Pope Francis has issued an unusual public correction of his liturgy prefect over his attempts to water down a new papal directive handing more power to local bishops over liturgical translations.
It is the Pope’s second rebuke of Cardinal Robert Sarah, the Prefect of the Congregation for Divine Worship and Discipline of the Sacraments, who has found himself increasingly at odds with the direction of Francis’ papacy.
Now, in a letter sent to the cardinal and released by the Vatican, the Pope corrects an article written by the 72-year-old Guinean prelate arguing his department retains the power to “impose” certain translations of the Roman Missal from latin into local languages.
Such an interpretation, the Pope writes, is wide of the mark with Francis stressing translations “should not lead to a ‘imposition’ to the Episcopal Conferences of a given translation made by the Dicastery, as this would undermine the right of the bishops.”
With the decree “Magnum Principium”, Francis ruled that local hierarchies were being given this translation task as this was the intention of the Second Vatican Council, the 1962-65 gathering which set the blueprint for the contemporary Church.
But in his article in French Catholic publication “L’Homme Nouveau” the cardinal likened the relationship between the Holy See and bishops over translations to that of a parent and children’s homework or a professor towards a student preparing a thesis while stressing Vatican approval for new translations is by no means a “formality.”
In his letter to the liturgy prefect, the 80-year-old Jesuit Pope says the Holy See is not required to undertake “a detailed word-by-word examination” except in “obvious cases” while it is the job of Cardinal Sarah and his team to provide a “confirmation” of translations, as is set out by the new law.
Given that Sarah distributed his article to various websites, Francis “kindly” asks that he provides the letter to “the same sites” and to bishops conferences, members and consulters of his department.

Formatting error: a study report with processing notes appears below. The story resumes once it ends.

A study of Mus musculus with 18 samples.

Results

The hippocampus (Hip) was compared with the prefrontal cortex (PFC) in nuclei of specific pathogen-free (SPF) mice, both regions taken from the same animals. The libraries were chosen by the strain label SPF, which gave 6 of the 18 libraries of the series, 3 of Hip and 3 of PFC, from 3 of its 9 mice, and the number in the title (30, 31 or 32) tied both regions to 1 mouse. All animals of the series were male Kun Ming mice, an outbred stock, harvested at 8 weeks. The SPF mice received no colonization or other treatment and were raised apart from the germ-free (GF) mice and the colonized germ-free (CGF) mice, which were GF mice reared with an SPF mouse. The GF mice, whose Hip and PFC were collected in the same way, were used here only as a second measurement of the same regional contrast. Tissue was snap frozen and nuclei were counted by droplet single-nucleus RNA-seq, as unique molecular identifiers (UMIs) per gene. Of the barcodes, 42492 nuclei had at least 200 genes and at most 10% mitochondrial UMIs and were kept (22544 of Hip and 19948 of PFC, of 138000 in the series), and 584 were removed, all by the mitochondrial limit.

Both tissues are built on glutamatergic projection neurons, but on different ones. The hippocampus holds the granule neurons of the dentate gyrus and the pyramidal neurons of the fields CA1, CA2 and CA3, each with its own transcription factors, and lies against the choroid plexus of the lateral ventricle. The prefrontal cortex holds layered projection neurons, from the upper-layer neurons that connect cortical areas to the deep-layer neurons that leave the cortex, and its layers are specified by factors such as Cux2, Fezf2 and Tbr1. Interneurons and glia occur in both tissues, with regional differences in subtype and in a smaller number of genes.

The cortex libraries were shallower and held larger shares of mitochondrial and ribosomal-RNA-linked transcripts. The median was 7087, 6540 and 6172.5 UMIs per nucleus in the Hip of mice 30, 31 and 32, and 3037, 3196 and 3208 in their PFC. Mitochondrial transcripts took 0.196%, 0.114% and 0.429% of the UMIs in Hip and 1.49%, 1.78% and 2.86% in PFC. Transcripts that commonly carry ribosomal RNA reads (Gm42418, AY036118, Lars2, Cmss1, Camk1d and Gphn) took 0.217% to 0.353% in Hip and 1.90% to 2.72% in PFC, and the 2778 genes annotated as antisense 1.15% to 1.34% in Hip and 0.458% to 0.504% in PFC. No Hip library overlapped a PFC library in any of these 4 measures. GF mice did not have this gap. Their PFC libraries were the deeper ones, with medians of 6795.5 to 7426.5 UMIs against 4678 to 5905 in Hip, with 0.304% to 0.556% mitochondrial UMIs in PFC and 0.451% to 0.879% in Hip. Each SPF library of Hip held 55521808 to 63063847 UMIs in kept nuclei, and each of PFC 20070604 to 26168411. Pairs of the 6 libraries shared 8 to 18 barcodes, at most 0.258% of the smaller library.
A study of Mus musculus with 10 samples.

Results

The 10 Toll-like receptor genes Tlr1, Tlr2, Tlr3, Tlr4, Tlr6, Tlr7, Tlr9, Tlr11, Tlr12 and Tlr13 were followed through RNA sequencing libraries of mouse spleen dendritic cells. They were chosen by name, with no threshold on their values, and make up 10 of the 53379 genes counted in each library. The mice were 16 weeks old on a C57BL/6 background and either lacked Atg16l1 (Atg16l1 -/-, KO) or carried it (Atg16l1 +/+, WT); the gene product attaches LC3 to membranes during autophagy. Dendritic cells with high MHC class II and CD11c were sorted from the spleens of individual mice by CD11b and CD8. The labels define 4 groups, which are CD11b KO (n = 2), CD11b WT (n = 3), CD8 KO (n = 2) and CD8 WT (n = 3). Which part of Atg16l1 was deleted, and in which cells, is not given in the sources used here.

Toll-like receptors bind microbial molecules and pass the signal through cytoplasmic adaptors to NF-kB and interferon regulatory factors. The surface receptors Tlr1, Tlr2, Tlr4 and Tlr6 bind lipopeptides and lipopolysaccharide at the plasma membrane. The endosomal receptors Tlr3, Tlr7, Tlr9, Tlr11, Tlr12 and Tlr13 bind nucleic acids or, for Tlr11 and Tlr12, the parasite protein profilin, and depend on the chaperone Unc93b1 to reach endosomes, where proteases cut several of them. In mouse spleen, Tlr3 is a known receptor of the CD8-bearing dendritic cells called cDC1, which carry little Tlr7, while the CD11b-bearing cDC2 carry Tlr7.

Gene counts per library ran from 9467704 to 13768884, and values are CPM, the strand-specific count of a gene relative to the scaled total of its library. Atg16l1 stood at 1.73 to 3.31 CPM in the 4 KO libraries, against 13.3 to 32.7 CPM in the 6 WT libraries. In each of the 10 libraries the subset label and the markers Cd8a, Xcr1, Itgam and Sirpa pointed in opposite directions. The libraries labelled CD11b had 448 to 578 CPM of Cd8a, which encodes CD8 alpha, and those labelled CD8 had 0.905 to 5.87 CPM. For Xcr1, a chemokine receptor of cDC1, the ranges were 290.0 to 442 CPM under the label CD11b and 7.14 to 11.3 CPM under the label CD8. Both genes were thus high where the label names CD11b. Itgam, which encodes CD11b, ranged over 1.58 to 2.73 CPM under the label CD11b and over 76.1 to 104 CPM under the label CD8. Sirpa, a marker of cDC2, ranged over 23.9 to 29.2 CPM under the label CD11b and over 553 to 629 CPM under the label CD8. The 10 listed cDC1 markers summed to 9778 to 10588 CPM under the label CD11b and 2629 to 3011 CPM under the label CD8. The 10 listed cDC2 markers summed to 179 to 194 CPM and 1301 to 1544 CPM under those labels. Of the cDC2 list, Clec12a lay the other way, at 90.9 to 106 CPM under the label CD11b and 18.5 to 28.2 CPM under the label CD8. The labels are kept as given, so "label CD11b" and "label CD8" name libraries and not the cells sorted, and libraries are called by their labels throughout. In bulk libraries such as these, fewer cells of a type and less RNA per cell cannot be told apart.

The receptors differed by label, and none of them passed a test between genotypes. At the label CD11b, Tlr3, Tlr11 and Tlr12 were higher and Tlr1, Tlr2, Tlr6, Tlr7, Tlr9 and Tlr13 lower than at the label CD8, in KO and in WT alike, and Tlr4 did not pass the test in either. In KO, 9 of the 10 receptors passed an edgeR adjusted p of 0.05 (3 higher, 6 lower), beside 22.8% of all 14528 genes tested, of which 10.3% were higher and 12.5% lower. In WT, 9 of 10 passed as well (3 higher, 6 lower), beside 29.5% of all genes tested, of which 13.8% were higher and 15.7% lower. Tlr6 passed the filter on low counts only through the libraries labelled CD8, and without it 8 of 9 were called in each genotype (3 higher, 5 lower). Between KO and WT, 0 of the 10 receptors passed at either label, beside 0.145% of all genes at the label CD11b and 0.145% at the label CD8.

The Pope also explains that his law now grants bishops’ conferences the right to judge “authenticity and consistency of one and the other terms in translations” in a process which should take place in “dialogue with the Holy See.”
Crucially, the Pope makes clear that new Mass texts no longer need to conform with “Liturgiam Authenticam”, the Congregation for Divine Worship’s 2001 document which called for more literal translations of the Latin into the vernacular. Cardinal Sarah, however, had stressed that this directive still stands and there is “no noticeable change regarding the imposed standards” set out by that text.
“Liturgiam Authenticam” was a controversial ruling which many saw as responsible for producing clunky, and overly latinate translations. Such criticisms were levelled at the 2011 English Roman Missal while Cardinal Reinhard Marx, the President of the German Bishops’ Conference, described “Liturgiam Authenticam” as a “dead end” which took “too narrow a view”.
Backing up the position of Cardinal Marx, the Pope stresses to Cardinal Sarah that his new law aims to "repeal the practice adopted by the dicastery following Liturgiam Authenticam.”
In July of last year, Francis publicly corrected the cardinal after he suggested priests should turn east and celebrate Mass "ad orientem” while has recently stressed that the liturgical reforms of Vatican II are “irreversible”.
The Pope’s letter sent to the cardinal was released by the Vatican on the feast day of Saint John Paul II, in a sign of Francis’ desire for continuity with his Polish predecessor.
Cardinal Sarah later tweeted a picture of John Paul II asking for his prayers, while also retweeting an article in Polish which discusses the rights of countries to distinguish between economic migrants and refugees.
Francis has called on European countries to open their doors to migrants, making the plight of refugees a key theme of his papacy.
Through books and lectures Cardinal Sarah has generated a following in the United States, France and parts of Africa, and is respected for his austere, monastic-style spirituality.
He was opposed to moves allowing divorced and remarried Catholics to receive communion during the 2014 and 2015 synod of bishops gatherings, while in a speech during the 2015 assembly likened “homosexual and abortion ideologies” to Islamic extremism and 20th century Fascism and Communism.